The U.S. Securities and Exchange Commission is turning its attention to a lack of transparency within corporates’ investor disclosures as more businesses use supply chain financing.
Reports in Bloomberg Tax this week said SEC Corporation Finance Deputy Chief Accountant Lindsay McCord spoke Tuesday (Dec. 10) during the American Institute of CPA’s (AICPA) annual conference, held in Washington D.C.
According to McCord, the SEC recognizes a rise in supply chain finance use as more businesses turn to the trade finance tool to strengthen cash flows. However, at the same time, McCord said corporates have not adequately elevated transparency with their investors, causing a lack of visibility into businesses’ supply chain financing arrangements as well as a lack of understanding among investors over how those arrangements work.
The result could lead to masked debts, McCord warned.
Now, the SEC is urging businesses to disclose their supply chain financing arrangements in their Management’s Discussion and Analysis section of financial statements, reports said.
The SEC’s remarks follow requests by the Big Four U.S. auditing firms — EY, Deloitte, KPMG and PwC — for guidance from the Financial Accounting Standards Board in October with regard to how supply chain finance should be classified on financials, similarly pointing to an increased use of reverse factoring arrangements.
“Trade payables classification tends to be treated more favorably than borrowings (i.e., financings) in the calculation of financial ratios and for purposes of determining compliance with financial covenants,” the Big Four firms said in the letter, per the report. “Accordingly, we believe greater transparency and consistency in disclosures in the financial statements of entities that utilize structured trade payable arrangements … is warranted.”
The SEC’s position on supply chain financing disclosure follows a notice issued in September by Moody’s Investors Service, which warned corporates and their investors of the possibility that supply chain financing could limit investors’ visibility into company financials.
Supply chain financing, also known as reverse factoring, is rarely disclosed on financial statements, said Moody’s. Even when it is disclosed, investors may not fully understand the risks associated with it.
“Users of financial statements may not be aware of a customer’s usage of reverse factoring, despite the potentially material consequences,” said Moody’s Associate Managing Director William Coley. “The customer itself may not fully understand the added risk that accompanies the use of this financing technique.”
Previous criticism has come from Fitch Ratings, which similarly issued a report last year raising concerns over what it described as a “loophole” that allows corporates to use supply chain finance without classifying it as debt. Rather, the tool is classified as “other payables” on financial statements.
The controversy over how to classify supply chain finance, and its impact on investors’ understanding of corporate financials, has surged in recent years as high-profile corporate collapses were found linked to a high reliance on reverse factoring.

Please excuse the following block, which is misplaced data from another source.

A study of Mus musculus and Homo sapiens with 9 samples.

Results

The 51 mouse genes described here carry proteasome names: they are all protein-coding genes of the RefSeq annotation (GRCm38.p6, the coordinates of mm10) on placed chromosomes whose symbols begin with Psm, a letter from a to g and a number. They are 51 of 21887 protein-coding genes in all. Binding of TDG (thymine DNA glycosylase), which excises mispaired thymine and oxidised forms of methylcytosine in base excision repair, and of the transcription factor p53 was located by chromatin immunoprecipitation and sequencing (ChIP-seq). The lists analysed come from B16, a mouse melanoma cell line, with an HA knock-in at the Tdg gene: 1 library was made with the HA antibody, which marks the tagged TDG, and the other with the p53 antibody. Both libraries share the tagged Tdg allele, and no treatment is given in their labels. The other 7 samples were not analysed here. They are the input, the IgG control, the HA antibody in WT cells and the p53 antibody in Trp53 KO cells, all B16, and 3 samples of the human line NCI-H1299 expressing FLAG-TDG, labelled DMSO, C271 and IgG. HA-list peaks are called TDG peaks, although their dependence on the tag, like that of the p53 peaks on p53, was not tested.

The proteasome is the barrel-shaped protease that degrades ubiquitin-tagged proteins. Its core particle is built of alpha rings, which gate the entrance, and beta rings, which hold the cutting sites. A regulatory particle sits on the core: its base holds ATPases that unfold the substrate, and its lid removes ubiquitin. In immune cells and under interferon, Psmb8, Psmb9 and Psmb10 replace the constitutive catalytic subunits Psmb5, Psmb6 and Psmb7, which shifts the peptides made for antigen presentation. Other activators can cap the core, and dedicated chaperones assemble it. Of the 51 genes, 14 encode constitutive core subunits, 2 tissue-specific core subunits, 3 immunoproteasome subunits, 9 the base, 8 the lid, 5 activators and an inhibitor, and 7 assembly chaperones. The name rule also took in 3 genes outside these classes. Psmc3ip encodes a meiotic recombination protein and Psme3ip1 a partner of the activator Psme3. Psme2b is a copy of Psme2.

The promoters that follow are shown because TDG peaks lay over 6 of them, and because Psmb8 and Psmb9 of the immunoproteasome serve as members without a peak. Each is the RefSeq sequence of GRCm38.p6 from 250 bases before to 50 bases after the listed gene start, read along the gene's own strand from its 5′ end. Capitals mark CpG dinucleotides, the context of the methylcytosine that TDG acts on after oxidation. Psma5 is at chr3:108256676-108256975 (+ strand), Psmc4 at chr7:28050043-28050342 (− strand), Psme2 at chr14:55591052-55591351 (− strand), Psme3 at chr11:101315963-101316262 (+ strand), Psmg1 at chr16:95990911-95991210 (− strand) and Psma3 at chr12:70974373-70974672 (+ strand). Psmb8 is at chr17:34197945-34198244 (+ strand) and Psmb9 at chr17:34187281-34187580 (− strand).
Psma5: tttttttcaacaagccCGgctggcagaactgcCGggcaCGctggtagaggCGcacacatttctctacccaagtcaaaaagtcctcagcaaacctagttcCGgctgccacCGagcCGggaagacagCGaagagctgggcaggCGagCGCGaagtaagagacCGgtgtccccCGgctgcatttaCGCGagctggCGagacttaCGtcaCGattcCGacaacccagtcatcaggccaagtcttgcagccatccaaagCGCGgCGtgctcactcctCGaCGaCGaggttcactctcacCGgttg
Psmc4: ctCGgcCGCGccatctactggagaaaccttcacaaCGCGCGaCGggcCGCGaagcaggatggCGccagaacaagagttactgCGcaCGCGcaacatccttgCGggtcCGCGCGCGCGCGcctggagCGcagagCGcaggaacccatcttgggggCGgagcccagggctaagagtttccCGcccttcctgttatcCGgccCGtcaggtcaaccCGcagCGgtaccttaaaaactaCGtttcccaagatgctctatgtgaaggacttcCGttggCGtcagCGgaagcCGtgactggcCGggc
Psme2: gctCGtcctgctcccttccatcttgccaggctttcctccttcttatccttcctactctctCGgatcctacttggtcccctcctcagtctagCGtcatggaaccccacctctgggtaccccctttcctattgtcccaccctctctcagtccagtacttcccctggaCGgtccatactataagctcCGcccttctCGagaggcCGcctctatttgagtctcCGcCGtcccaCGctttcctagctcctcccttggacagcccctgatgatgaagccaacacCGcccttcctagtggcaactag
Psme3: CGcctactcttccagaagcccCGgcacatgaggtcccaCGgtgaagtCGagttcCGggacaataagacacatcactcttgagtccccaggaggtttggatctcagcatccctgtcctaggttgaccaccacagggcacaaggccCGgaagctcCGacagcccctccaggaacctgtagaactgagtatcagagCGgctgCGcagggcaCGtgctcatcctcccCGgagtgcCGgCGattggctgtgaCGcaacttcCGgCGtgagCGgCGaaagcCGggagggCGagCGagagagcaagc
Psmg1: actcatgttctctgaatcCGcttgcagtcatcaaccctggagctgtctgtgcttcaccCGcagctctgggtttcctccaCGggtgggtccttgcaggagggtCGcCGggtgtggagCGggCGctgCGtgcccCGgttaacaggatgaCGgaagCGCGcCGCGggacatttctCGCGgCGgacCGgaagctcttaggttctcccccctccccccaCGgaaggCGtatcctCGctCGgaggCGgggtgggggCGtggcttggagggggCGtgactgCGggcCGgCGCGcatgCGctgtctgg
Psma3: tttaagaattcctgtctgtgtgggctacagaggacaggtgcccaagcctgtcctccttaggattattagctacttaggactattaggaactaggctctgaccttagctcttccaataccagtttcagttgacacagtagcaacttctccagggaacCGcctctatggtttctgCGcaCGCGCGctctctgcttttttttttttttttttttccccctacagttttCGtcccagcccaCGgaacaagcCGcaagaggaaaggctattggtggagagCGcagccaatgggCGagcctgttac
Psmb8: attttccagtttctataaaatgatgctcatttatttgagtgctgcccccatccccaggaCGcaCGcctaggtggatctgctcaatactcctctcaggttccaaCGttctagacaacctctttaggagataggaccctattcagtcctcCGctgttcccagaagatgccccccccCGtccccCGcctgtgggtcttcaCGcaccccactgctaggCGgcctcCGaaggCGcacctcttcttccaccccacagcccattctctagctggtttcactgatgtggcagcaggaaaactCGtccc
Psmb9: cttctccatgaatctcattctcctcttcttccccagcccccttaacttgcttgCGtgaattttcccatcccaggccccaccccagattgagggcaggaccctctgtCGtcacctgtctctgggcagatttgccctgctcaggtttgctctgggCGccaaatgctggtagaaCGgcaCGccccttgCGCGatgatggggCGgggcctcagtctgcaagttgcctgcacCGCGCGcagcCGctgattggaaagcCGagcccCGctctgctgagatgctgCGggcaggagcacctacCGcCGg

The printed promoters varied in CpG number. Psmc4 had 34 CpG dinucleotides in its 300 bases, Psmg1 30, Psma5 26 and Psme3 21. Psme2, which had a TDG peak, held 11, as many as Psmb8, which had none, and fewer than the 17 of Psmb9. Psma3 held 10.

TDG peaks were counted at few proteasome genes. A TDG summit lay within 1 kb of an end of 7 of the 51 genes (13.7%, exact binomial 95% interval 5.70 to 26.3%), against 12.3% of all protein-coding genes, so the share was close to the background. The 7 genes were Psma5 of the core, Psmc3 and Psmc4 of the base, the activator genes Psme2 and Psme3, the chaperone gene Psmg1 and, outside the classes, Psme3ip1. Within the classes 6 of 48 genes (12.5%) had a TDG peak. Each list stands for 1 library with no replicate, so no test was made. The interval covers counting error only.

The collapse of contracting giant Carillion in the U.K., for example, raised concerns over the company’s use of supply chain finance, which, critics argue, may have impeded financial service providers’ ability to adequately assess the company’s financial troubles.
Earlier reports in the Financial Times also called supply chain into question, as well as the use of supply chain finance by GFG Alliance, the business empire of Sanjeev Gupta, whose financing strategy has been largely spearheaded by Greensill Capital. According to the FT, reverse financing is a “signature technique” for Greensill and could “disguise a troubled company’s mounting borrowings.”
“It’s just borrowing,” said Chris Higson, London Business School accounting professor, in an interview with the FT about corporates’ use of supply chain financing. “It matters because the more you borrow and the more you sell receivables, then the weaker the balance sheet. And if there’s a downturn in your market and you face a setback, you’re more likely to fail.”
Despite some analysts’ warnings over supply chain financing, as well as some calls to reclassify the tool as debt, trade finance proponents and corporates have remained firm in their support of the financing tool.
Following Fitch Ratings’ 2018 report, the International Trade and Forfaiting Association (ITFA) issued a statement in defense of reverse factoring.
“There has been an increase in days payable because it is very widespread,” ITFA Chairman Sean Edwards said, according to Global Trade Review reports last year. “But does that mean it should be treated as bank debt? I don’t think so.”
He added that in the case of Carillion, supply chain finance “dwarfed their other lines of finance.”
A Global Controversy
The U.S. and U.K. aren’t the only markets in which use of supply chain finance is being called into question.
Earlier this year, Australia Small Business and Family Enterprise Ombudsman (ASBFEO) Kate Carnell announced an inquiry into supply chain finance and its impact on small to medium-sized businesses (SMBs).
“Supply chain finance is a legitimate and effective tool to free up cash flow for small and family businesses,” Carnell said in a statement in October, adding there are concerns, however, that large corporates are relying on supply chain finance to stretch out their Days Payable Outstanding (DPO) to small suppliers.
Reports at the time noted the ASBFEO plans to review large corporates’ use of supply chain finance and whether firms are “manipulating” the tool, with a focus on “whether supply chain finance is being used by big business as a means to stretch out formal payment terms and as a strategy to manipulate the reporting of working capital and cash reserves.”